Journal: Addiction (Abingdon, England)
There is increasing research evidence about the causal role of alcohol in cancer, accompanied by unclear and conflicting messages in the media. This paper aimed to clarify the strength of the evidence for alcohol as a cause of cancer, and the meaning of cause in this context.
A conspicuous fact is that light or moderate drinking apparently prevent such a large number of unrelated diseases. It is even more striking that beneficial effects for the different diseases all seem to peak at approximately the same consumption level. For almost all the diseases, there is a remarkable absence of dose-response effects. Within threshold limits, protective and harmful factors more often have a dose-response effect. This is easier to explain biologically, and is frequently regarded as one of the criteria for inferring causality. However, in practically all these studies, certain small doses of alcohol are apparently protective and somewhat larger doses are apparently harmful.
We reviewed available research on the use, content and safety of electronic cigarettes (EC), and on their effects on users, to assess their potential for harm or benefit and to extract evidence that can guide future policy.
Although debates over the efficacy of oral naltrexone and acamprosate in treating alcohol use disorders tend to focus on their global efficacy relative to placebo or their efficacy relative to each other, the underlying reality may be more nuanced. This meta-analysis examined when naltrexone and acamprosate are most helpful by testing: (i) the relative efficacy of each medication given its presumed mechanism of action (reducing heavy drinking versus fostering abstinence) and (ii) whether different ways of implementing each medication (required abstinence before treatment, detoxification before treatment, goal of treatment, length of treatment, dosage) moderate its effects.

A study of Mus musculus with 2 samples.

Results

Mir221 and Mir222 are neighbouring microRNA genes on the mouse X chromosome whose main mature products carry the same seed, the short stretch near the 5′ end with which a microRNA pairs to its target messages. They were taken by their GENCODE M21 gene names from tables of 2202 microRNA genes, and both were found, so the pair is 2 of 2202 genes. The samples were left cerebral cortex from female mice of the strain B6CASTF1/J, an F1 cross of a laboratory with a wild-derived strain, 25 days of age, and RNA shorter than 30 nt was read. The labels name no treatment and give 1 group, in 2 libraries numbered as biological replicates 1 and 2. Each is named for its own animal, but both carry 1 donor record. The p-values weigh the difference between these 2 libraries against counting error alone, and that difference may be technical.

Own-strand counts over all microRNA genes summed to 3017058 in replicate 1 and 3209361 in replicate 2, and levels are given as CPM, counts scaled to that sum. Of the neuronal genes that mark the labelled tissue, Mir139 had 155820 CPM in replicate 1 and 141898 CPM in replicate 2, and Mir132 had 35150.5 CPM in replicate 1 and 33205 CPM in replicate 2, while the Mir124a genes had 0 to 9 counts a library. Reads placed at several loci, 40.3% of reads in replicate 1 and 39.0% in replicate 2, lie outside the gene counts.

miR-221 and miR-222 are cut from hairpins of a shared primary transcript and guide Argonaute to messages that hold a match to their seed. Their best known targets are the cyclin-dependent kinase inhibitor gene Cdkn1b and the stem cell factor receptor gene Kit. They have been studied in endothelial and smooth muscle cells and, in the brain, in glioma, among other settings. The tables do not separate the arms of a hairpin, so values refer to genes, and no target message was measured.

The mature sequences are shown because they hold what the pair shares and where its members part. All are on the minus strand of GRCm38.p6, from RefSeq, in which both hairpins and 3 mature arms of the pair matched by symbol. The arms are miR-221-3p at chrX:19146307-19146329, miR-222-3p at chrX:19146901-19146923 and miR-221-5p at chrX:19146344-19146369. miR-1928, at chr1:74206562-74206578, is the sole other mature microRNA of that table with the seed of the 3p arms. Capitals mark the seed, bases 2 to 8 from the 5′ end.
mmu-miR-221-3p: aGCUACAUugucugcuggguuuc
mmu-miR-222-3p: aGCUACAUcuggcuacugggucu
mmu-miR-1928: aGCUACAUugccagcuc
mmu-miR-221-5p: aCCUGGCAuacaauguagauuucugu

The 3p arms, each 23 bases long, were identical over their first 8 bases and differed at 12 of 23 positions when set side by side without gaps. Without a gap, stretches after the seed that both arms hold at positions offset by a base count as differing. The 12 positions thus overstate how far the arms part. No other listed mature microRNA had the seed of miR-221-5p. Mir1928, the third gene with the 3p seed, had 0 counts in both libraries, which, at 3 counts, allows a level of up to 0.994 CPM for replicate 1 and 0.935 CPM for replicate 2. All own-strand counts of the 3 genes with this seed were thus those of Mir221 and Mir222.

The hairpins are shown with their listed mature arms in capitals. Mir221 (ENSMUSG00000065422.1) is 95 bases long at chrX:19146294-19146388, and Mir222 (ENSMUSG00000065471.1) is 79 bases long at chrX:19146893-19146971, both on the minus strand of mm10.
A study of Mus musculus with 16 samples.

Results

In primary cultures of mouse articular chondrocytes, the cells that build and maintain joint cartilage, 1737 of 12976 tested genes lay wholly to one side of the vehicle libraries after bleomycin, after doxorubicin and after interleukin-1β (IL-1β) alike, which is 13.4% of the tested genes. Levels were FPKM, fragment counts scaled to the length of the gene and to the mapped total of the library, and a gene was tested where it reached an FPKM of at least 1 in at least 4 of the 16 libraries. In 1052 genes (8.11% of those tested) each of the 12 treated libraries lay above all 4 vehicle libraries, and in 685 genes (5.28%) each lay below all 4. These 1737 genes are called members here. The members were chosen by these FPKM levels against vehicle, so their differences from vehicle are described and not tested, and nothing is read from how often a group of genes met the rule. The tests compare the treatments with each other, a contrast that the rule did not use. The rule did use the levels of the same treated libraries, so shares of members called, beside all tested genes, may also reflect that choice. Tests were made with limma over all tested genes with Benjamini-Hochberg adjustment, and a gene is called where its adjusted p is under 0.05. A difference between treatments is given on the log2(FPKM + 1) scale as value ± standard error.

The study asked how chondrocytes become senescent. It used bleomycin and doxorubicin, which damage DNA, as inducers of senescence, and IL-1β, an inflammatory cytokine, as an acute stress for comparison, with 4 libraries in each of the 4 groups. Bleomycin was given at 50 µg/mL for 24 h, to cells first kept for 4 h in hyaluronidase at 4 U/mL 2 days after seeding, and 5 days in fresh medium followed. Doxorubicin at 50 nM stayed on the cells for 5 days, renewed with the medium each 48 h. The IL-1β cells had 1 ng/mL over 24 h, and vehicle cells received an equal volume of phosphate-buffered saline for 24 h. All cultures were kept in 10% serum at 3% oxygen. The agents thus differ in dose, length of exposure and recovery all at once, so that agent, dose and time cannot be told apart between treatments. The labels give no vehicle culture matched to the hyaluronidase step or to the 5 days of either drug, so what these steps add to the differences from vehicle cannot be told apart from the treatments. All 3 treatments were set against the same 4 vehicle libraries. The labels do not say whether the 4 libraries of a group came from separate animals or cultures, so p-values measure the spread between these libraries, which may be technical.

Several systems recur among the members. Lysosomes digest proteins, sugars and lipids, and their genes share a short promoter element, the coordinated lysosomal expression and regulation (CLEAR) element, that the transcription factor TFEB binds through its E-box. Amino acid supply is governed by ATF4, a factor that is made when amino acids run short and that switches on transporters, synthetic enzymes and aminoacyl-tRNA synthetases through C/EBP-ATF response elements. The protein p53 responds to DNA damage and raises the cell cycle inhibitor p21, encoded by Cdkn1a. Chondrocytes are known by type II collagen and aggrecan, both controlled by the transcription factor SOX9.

One of the challenges of international alcohol research and policy is the variability in and lack of knowledge of how governments in different nations define a standard drink and low-risk drinking. This study gathered such information from governmental agencies in 37 countries.
To examine changes in the evidence on the adverse health effects of cannabis since 1993.
There is a need for more evidence on the ‘real-world’ effectiveness of commonly used aids to smoking cessation from population-level studies. This study assessed the association between abstinence and use of different smoking cessation treatments after adjusting for key potential confounding factors.
To compare the change in illicit opioid users' risk of fatal drug-related poisoning (DRP) associated with opioid agonist pharmacotherapy (OAP) and psychological support, and investigate the modifying effect of patient characteristics, criminal justice system (CJS) referral, and treatment completion.
The ageing United States (US) population is providing an unprecedented population of older adults who use recreational drugs. We aimed to estimate the trends in the prevalence of past-year use of cannabis, describe the patterns and attitudes, and determine correlates of cannabis use by adults age 50 and older.
Effectiveness of nicotine replacement therapy (NRT) for smoking cessation has not been evaluated in low income countries, such as Syria, where it is expensive and not widely available. We evaluated whether nicotine patch boosts smoking cessation rates when used in conjunction with behavioral support in primary care clinics in Aleppo, Syria.